Is Taking Advantage of Amateur Athletes Coming to an End? – Sept. 26, 2013

In the early 1990s, if I wasn’t outside playing sports I was doing the next best thing – playing sports video games. It started with Tecmo Bowl for the original Nintendo Entertaiment System as we would gather around the television, waiting for our turn. A few years later, my friend had a Super Nintendo in one room and a Sega Genesis in another.

The systems might have changed, but the only difference in the games was the year. Whether it was John Madden Football or NBA Live; we were playing something that would start with…

EA Sports. If it’s in the game, it’s in the game.
EA Sports' version of Ed O'Bannon
EA Sports’ version of Ed O’Bannon
Growing up in Northeast, we would routinely get the ‘national’ college game on Saturdays in the fall. So players from Notre Dame, Michigan, Florida State and Miami were known to my circle of friends. When you played NCAA Football, we knew that No. 17 for the Seminoles was Charlie Ward and #2 in the Maize and Blue was Charles Woodson.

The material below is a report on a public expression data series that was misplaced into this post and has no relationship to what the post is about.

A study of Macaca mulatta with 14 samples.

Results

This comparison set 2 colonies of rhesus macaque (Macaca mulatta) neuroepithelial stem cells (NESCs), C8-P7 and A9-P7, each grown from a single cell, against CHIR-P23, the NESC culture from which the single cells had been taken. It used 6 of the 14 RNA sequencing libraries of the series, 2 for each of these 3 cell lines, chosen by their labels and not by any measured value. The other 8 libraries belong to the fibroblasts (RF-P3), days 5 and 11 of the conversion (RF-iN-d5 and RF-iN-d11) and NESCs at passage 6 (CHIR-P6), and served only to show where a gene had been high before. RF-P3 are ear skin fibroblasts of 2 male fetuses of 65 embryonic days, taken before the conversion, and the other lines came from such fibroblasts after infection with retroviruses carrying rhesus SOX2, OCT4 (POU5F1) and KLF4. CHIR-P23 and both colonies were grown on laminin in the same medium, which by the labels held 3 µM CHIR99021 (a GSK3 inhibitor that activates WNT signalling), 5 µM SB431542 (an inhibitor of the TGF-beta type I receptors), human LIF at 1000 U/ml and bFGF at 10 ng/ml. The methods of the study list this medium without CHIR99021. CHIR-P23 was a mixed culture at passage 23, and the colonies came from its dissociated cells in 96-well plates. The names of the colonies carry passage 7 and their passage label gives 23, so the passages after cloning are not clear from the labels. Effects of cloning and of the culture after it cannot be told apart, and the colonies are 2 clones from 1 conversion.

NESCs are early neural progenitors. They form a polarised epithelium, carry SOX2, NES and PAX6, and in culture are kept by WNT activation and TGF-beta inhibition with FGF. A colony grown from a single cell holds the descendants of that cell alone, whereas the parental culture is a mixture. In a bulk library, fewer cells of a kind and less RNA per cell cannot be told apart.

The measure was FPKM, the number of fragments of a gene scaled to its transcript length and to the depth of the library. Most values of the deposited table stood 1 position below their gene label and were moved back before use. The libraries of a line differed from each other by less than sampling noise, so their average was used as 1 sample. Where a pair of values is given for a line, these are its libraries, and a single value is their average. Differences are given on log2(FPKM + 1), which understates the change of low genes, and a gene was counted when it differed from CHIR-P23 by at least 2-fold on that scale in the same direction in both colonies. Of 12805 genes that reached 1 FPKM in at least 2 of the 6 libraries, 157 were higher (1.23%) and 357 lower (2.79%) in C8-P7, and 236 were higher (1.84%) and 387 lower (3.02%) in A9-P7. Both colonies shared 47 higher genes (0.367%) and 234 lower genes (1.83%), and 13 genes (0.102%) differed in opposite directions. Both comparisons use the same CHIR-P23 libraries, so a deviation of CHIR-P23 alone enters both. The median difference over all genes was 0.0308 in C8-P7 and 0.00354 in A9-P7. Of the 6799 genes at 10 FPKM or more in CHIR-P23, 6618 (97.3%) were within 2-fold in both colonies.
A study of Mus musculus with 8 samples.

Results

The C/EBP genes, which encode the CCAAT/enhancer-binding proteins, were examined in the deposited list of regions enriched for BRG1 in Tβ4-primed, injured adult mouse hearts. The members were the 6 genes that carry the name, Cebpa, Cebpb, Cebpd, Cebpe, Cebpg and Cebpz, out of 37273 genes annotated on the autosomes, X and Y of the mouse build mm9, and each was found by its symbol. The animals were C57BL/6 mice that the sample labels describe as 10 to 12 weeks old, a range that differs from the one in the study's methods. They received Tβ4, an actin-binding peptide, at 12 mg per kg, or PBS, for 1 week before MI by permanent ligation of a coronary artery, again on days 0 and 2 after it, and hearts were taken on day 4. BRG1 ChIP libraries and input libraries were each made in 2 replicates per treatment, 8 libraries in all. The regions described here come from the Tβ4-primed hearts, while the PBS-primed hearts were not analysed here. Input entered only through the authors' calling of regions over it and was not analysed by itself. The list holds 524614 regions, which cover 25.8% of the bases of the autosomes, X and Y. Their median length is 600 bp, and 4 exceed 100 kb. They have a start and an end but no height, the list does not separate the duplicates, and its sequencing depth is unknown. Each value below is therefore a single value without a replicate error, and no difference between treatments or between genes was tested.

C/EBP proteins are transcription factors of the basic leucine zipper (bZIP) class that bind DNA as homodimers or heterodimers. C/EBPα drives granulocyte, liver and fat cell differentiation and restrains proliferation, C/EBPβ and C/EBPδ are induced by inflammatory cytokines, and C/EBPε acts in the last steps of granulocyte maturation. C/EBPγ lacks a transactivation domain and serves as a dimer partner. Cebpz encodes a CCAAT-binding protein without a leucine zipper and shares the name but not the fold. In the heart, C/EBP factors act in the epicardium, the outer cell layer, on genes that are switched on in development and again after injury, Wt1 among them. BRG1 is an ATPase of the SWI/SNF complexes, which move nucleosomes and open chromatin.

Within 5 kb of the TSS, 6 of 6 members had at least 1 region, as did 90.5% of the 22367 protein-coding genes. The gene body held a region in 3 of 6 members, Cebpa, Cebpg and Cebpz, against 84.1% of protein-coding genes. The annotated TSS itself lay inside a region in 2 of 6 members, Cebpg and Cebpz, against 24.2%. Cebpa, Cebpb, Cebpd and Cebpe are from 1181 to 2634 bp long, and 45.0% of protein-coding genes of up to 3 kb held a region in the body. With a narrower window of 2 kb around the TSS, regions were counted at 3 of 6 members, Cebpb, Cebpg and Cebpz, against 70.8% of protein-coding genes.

It helped that the players looked just like their real-life persona and the same could be said for their counterparts in NCAA March Madness. I went to college playing the first version of the game in 1995, the same year that Ed O’Bannon led UCLA to the NCAA National Championship.
It was easy to tell O’Bannon apart from the other players on the Bruins since he was an undersized light brown power forward with a bald head.
It’s no wonder that O’Bannon is one of the lead plaintiffs in a collection of lawsuits. One was recently settled as EA Sports choose to settle their class-action for an ‘undisclosed amount’ that eventually was determined to be about $40 million.